How’s your shorthand? And your hearing? And your memory? Unless you can answer “perfect” for all three, sooner or later you’re going to want to know how to record a conference call. This is where to start.
If nothing happens during a conference call that’s worth noting or remembering, then it wasn’t a conference call worth having. So let’s assume that all your conference calls are worthwhile, conducted to a well-planned and packed agenda, and that you and everyone else taking part needs to have an accurate record of what was said. That’s where recording an audio conference plays a vital role.
Of course you can try to take notes at the time, or have someone else on hand to do it for you. But unless you or they have immaculate 80 words-per-minute shorthand, it’s almost impossible to keep up to speed with the discussion without missing something. Even if you or they manage the pace, will you be able to read the high-speed scrawl afterwards? And how can you be sure that handwritten – or even typed – notes are actually an accurate record of conference calls? It’s easy to mishear or misunderstand what was said, and hard to note everything down exactly as it was said.
So recording an audio conference is clearly the most efficient way to gather and keep accurate information. Though that’s not its only advantage.
When you know how to record a call using an app, the biggest benefit will be that you can create a true record of the call with minimum effort. However, it also has several other important benefits.
Firstly, it’s a great help for you or whoever would otherwise be taking notes – simply because you don’t have to any more. It’s almost impossible to do note-taking well and play a useful part in the conference call itself at the same time. And even if a written record of the call is essential, making a transcript of the recording when the conference call has ended will leave you free to make a proper contribution while the call is taking place.
Another benefit of recording your conference calls is in the quality of the discussion during the calls. Some conference call commentators observe that participants who are being recorded behave differently as a result. It may not be a conscious effort on their part, but they tend to be more focussed and less gossipy, which helps to make these meetings more productive and shorter too.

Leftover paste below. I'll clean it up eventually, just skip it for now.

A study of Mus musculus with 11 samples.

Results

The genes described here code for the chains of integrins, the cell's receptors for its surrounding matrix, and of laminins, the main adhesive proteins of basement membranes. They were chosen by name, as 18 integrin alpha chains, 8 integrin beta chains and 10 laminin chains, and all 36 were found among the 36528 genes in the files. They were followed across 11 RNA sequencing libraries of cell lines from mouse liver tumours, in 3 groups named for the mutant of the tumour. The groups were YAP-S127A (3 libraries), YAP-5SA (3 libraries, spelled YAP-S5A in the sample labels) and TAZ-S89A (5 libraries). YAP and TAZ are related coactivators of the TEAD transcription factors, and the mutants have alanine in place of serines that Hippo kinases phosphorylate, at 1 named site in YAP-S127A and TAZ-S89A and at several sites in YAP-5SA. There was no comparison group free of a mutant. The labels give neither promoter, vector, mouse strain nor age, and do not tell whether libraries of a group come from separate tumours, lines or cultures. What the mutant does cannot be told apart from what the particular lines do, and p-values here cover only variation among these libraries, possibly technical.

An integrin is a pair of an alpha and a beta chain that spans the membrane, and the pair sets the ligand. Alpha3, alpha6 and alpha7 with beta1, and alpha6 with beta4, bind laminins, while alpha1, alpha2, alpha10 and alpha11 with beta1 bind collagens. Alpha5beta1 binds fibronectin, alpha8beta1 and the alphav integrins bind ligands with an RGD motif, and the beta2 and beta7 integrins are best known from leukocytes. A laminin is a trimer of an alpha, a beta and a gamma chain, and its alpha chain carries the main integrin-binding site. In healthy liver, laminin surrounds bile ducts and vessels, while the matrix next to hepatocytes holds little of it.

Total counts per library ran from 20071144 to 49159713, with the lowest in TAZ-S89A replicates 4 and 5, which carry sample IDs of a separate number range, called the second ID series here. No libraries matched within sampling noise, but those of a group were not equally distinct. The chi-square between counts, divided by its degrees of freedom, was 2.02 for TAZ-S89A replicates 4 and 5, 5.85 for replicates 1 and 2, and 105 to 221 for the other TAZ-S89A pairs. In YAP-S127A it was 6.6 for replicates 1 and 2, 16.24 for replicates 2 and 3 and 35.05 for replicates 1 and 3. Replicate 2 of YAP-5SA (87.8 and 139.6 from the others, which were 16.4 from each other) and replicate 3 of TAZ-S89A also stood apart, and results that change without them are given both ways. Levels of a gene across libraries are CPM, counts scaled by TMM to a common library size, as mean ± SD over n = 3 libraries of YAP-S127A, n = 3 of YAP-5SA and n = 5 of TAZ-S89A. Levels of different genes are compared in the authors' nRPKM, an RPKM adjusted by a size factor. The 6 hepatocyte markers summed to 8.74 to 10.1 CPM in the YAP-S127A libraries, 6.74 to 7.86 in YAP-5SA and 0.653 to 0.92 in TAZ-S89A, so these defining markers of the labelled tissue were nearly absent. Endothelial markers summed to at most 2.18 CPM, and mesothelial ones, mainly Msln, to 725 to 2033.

Lastly, there’s a benefit for those not even on the call – though they should be.
However carefully you schedule your call, someone may have to pull out of the call at the last minute. With a recording, there’s no need for a time-consuming post-call debrief which might miss out essential information or include some unconscious bias. There’s also no chance of misinterpreting Minutes and missing subtle nuances which the written record can’t show. The call recording is the next best thing to being there.
One last thing before you press “record”: you may be wondering if what you are about to do is actually legal.
The fact is, call recording has always been subject to the law. Because a recording is classified as data, it’s always been part of the deal that anyone being recorded has to be told it’s happening, and why. But now that recording your calls is covered by GDPR, the requirements have changed – and so have the potential fines. So it’s important you get it right.
In most cases of recording your calls for business, the most relevant point is that you must get the consent of the people taking part. In the past it was enough simply to tell them it was happening. Now you must have their explicit consent – though it can still be verbal. You also have to treat recordings of your calls like any other data under GDPR: store them securely; have security controls in place to prevent access by unauthorised individuals; and when the recordings are no longer needed, dispose of them securely.
Drawing up a specific recording policy is a requirement of GDPR, so it’s important to work out and write down all the relevant measures for all your conference calling requirements, and then follow them to the letter every time. Sooner rather than later they’ll become second nature.
So there you have it. The four main benefits of recording your conference calls: efficiency, accuracy and productivity. There’s one missing, you say?
You’re right. It must be ‘playback’.